A Year into Pandemic, St. Patrick’s Returns to Molly’s Shebeen

Article and photos by Radka Horackova | Mar. 21, 2021

Molly’s Shebeen opened for indoor and outdoor dining on St. Patrick’s Day.

It was March 17, 2021, and Irish pub and restaurant, Molly’s Shebeen, was flooded with customers eager to celebrate the vibrancy of St. Patrick’s Day, filling sidewalk tables on Manhattan’s Third Avenue, their faces covered with green masks.

A staple dish from Molly’s that many customers enjoy.

“It’s the place to be,” said Allan Smith, who along with his sister, Patty Smith, have been coming to Molly’s since the 1990s. They waited for a table, planning to order the restaurant’s popular corned beef.

“It’s (Molly’s) an institution. We’re happy to support them,” said Peter Vonsimson, raising a glass of Guinness, while he and friends waited for corned beef and lamb stew.

Three friends who work around the corner stop in for a St. Patrick’s day lunch at Molly’s.

The festive atmosphere at Molly’s was in stark contrast to its shuttered doors last year. Like thousands of other small businesses and restaurants, owner Peter O’Connell had to close at the beginning of the pandemic in March 2020 when the city went into lockdown.

Early on, when he was unable to obtain an outdoor dining license, he temporarily pivoted and used Grubhub for food delivery, but the earnings did not justify the cost of the service.

This year, he reopened Molly’s on March 10, just in time for St. Patrick’s Day, and brought back 50 percent of his staff. Two days later, on March 19, the city expanded indoor dining to 50 percent capacity, bringing another boost.

While acknowledging the hardship his business has endured, O’Connell said he believes that all the government measures to contain the virus were necessary. “Every society has a shared humanity that obligates us to take care of the fellow men,” he said.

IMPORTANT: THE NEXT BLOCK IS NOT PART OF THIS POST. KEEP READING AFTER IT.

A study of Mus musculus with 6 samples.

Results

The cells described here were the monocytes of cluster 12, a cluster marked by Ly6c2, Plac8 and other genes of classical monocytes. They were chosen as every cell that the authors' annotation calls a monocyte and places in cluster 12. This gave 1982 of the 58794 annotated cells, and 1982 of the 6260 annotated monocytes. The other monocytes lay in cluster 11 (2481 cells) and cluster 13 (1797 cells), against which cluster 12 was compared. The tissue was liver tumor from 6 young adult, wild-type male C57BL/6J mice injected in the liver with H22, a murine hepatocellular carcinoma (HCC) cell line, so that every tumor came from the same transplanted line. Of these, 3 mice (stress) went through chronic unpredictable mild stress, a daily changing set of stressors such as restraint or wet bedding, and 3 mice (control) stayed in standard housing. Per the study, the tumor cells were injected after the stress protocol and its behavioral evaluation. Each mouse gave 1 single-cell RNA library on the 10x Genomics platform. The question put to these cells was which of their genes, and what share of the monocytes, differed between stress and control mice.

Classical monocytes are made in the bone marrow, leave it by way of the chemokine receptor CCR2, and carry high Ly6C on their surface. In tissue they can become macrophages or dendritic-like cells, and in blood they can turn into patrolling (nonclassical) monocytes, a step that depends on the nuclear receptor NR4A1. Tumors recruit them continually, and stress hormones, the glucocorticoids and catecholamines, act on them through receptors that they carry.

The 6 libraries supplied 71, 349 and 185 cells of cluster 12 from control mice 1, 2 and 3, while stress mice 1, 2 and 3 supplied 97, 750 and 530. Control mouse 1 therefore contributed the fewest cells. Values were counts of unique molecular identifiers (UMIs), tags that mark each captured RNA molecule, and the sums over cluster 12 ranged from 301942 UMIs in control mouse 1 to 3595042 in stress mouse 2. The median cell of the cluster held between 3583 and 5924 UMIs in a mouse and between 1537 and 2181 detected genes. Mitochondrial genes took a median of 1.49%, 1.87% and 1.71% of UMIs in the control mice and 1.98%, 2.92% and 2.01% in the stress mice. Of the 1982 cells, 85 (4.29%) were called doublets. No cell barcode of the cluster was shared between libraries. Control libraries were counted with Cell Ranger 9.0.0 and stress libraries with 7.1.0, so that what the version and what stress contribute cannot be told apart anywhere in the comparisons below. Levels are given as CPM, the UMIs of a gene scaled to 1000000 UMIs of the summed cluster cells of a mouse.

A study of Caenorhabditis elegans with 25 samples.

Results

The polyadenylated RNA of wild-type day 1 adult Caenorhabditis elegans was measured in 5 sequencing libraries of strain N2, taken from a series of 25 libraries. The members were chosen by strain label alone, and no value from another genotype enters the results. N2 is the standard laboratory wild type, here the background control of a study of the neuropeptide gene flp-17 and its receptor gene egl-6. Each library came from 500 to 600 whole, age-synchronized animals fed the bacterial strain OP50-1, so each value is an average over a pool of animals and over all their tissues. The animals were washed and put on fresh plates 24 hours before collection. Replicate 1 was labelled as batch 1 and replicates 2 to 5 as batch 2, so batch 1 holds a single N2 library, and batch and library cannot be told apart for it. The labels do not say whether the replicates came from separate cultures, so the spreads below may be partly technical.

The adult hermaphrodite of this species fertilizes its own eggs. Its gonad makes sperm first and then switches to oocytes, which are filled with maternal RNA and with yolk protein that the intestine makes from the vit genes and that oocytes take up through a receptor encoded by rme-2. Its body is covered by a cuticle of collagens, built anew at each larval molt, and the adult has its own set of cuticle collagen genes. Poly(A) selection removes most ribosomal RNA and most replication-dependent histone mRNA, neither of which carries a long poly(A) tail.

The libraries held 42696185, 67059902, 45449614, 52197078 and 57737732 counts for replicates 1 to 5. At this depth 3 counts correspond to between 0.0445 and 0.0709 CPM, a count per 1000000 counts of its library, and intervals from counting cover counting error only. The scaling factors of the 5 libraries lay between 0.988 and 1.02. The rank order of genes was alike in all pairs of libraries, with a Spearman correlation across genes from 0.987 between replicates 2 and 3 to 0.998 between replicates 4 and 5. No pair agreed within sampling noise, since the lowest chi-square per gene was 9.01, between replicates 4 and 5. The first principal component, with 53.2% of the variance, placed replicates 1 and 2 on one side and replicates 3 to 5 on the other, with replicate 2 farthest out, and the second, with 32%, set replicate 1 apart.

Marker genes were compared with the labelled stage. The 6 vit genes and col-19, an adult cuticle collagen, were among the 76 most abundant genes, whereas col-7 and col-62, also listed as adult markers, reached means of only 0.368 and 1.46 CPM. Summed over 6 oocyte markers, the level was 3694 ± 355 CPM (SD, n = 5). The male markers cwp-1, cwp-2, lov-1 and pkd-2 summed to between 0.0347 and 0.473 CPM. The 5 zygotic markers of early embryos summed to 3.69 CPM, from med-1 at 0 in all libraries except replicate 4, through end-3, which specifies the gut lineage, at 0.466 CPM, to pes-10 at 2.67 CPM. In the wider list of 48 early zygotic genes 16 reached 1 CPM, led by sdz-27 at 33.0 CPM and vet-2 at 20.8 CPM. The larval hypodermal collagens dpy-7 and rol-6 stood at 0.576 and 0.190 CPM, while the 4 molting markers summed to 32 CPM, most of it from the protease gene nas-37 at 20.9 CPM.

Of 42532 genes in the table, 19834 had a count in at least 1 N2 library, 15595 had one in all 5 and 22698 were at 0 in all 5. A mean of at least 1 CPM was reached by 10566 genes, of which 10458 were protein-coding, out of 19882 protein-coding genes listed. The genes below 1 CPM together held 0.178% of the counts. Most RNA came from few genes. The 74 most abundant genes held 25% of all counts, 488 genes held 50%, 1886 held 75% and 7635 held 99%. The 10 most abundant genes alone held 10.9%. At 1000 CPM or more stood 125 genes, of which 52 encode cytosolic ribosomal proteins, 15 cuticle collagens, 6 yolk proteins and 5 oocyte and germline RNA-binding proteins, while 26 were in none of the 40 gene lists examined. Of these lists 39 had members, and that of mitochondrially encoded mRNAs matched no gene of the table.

His focus during the pandemic has been on applying for the federal Payroll Protection Program loans, which he received. And even with warmer weather, a vaccine rollout and relaxing social distancing regulations, O’Connell is expecting more challenges in the future, such as the rent and real estate taxes returning to their pre-pandemic highs.

Customers outdoors were surrounded by St. Patrick’s Day decorations, and table dividers.

He has seen his customer base shrink as residents have left the neighborhood because of COVID-19 fears. His wife, Sheila, noted that Molly’s also has lost business because two area college campuses – CUNY’s Baruch College and New York University – have been closed, with students taking classes remotely from home. A nearby hotel, whose guests used to frequent Molly’s, was temporarily turned into a homeless shelter.

On St. Patrick’s Day, the go-to dish at Molly’s, which has been a popular Irish bar and restaurant since the 1960s, was corned beef and cabbage, followed by Shepherd’s pie. The pub delayed offering food delivery until the week of March 22 due to the high volume of business on the Irish holiday.

Adding to the party atmosphere on St. Patrick’s Day was the surprise appearance of a kilt-wearing bagpiper, who serenaded the pub’s patrons.

The spirit of St. Patrick’s Day was alive through customers wearing green, and music outdoors.